Sausage Party intends to slap you in the face harder than a Sizzler with its food-related wit.
Written by Kyle Hunter, Ariel Shaffir, Seth Rogen and Evan Goldberg, with the latter also producing the film, you have a sort of expectation set.
This Is The End.
The Pineapple Express.
Such films spring to mind with that team involved and Sausage Party definitely fits this measure.
Except it then finds itself overflowing past this point in a chaotic storm of debauchery involving too many everyday items found in grocery stores.
Life is good for all the food items that occupy the shelves at the local supermarket. Frank (Seth Rogen) the sausage, Brenda (Kristen Wiig) the hot dog bun, Teresa Taco (Salma Hayek) and Sammy Bagel Jr. (Edward Norton) can’t wait to go home with a happy customer.
Soon, their world comes crashing down as poor Frank learns the horrifying truth that he will eventually become a meal. After warning his pals about their similar fate, the panicked perishables devise a plan to escape from their human enemies.
‘Niche’ is a word that comes to mind for this film.
So brash, so…OVERZEALOUS in the content it presents, it’s almost reflective of a bong session between Rogen & Co. that was hit in-between the above mentioned films while watching any Pixar animated feature.
“GUYS, GUYS, GUYS…IMAGINE TOY STORY…BUT WITH FOOD…AND SEX…”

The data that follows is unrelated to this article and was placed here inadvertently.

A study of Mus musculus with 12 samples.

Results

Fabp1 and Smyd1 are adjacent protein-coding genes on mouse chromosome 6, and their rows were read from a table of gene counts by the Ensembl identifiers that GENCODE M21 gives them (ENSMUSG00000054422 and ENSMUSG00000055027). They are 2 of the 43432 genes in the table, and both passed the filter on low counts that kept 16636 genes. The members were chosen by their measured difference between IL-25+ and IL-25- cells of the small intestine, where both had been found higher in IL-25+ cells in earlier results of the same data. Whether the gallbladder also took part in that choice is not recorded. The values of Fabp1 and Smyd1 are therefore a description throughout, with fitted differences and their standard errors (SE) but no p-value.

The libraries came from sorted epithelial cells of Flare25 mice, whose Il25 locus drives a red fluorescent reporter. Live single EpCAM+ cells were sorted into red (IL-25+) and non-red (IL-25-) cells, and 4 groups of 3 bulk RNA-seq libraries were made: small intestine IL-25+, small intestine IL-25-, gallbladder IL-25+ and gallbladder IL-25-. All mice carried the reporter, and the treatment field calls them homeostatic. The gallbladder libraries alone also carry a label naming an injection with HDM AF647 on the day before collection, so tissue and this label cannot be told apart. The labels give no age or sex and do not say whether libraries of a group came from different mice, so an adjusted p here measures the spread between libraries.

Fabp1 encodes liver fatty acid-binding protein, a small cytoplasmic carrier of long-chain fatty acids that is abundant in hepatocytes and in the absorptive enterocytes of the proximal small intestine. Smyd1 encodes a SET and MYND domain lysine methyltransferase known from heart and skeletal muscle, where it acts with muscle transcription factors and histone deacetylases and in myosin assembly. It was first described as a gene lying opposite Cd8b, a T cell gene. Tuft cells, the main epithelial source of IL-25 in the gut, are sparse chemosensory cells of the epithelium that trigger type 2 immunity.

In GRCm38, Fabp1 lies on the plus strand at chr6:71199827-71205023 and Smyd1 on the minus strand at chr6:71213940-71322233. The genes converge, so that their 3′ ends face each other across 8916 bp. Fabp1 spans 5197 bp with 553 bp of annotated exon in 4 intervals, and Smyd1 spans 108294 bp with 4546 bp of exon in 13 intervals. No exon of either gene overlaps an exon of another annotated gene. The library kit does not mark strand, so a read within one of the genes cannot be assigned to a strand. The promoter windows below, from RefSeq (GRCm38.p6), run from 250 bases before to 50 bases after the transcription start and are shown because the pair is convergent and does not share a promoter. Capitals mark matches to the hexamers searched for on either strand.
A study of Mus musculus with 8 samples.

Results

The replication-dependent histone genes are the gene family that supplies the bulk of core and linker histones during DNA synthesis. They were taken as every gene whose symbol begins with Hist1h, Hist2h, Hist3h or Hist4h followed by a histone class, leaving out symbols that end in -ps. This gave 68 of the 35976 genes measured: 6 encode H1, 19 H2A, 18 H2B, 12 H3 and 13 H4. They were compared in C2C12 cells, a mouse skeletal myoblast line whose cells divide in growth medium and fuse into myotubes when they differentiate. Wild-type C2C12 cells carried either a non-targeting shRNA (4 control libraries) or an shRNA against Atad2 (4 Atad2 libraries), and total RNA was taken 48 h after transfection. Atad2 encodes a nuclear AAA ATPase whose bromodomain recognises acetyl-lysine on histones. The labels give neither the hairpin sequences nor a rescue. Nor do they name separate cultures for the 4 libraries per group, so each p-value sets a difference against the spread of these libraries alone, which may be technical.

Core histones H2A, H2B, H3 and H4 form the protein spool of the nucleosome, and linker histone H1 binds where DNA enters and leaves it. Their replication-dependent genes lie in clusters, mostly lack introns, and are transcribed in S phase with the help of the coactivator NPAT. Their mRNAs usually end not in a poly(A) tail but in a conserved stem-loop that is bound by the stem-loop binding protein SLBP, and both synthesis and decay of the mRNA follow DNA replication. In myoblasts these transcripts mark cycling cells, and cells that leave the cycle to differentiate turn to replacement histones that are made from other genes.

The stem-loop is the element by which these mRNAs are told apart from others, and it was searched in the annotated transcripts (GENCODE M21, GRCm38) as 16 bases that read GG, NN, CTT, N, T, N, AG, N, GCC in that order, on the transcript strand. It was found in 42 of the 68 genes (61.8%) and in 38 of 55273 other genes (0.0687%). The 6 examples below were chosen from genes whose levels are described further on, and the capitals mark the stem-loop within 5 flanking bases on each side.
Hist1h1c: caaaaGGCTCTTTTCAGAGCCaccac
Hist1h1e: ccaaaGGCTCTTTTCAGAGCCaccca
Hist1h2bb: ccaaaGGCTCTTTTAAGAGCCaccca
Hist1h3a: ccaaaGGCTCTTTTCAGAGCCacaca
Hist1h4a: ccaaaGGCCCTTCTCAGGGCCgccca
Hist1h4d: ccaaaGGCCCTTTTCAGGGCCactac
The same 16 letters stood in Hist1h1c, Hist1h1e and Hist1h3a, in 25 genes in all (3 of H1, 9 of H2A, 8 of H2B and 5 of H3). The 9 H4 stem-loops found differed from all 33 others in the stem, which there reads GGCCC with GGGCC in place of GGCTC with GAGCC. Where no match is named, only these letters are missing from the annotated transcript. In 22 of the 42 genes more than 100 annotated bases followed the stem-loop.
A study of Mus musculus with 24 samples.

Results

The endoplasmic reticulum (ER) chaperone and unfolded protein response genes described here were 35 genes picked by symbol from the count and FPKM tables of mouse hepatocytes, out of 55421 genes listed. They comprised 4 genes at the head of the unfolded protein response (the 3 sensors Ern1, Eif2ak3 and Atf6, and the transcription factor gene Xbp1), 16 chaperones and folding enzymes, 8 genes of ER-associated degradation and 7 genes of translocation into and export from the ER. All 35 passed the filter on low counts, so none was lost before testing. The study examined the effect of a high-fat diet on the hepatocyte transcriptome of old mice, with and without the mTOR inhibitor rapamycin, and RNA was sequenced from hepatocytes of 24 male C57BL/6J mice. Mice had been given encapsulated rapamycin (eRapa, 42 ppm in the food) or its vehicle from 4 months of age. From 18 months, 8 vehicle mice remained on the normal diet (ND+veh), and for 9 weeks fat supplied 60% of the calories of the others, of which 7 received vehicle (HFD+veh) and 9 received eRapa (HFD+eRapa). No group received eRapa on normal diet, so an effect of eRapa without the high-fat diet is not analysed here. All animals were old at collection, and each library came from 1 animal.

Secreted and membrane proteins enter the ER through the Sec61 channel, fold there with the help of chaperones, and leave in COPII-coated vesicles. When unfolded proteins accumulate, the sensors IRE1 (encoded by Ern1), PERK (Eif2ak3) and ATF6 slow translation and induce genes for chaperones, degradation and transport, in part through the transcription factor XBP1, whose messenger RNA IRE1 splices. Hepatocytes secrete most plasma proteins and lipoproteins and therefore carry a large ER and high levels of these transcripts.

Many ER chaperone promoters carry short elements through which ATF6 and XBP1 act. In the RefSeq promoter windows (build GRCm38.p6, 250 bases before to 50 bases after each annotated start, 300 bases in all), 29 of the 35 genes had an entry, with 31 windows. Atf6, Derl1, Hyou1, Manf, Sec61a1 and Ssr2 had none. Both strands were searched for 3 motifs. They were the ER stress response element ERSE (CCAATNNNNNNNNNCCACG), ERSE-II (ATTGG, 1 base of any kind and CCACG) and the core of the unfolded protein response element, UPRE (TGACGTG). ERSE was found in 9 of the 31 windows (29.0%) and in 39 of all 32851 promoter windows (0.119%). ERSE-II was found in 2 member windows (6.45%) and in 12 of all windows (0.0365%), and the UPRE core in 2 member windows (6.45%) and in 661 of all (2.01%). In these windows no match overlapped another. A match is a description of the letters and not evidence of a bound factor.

That’s the conversation that I imagine took place.
And that is hilarious.
To the RIGHT audience.
Based on Box Office performance so far, Sausage Party is finding it, but does the film have enough to become a cult classic?
The film is bizarre and over-the-top in so many ways, that it’s sure to become water cooler talk for the next week or more. Little in-jokes will develop around some of the senseless miasma that takes place, with friends nodding in unison at their knowledge of it.
Funnily enough though, hidden under the rampage of human versus food is a subversive discussion around sexuality, race, culture and religion.
An animated, HEAVILY adult feature film about living food has an underlying tone of acceptance amongst the orgy of violence, sex and drugs.
Come the end, I think you’re supposed to feel like you don’t know what you really watched. In that is where Sausage Party finds its message of entertainment is assured, as ambiguity drives conversation. And anything that drives conversation has the potential to be remembered forever.
Like that Twinkie that fell down the back of the shelf.
It's not going to be for everyone, but for the people who do like it, Sausage Party is a memorable escapade that finds itself popping come its climax.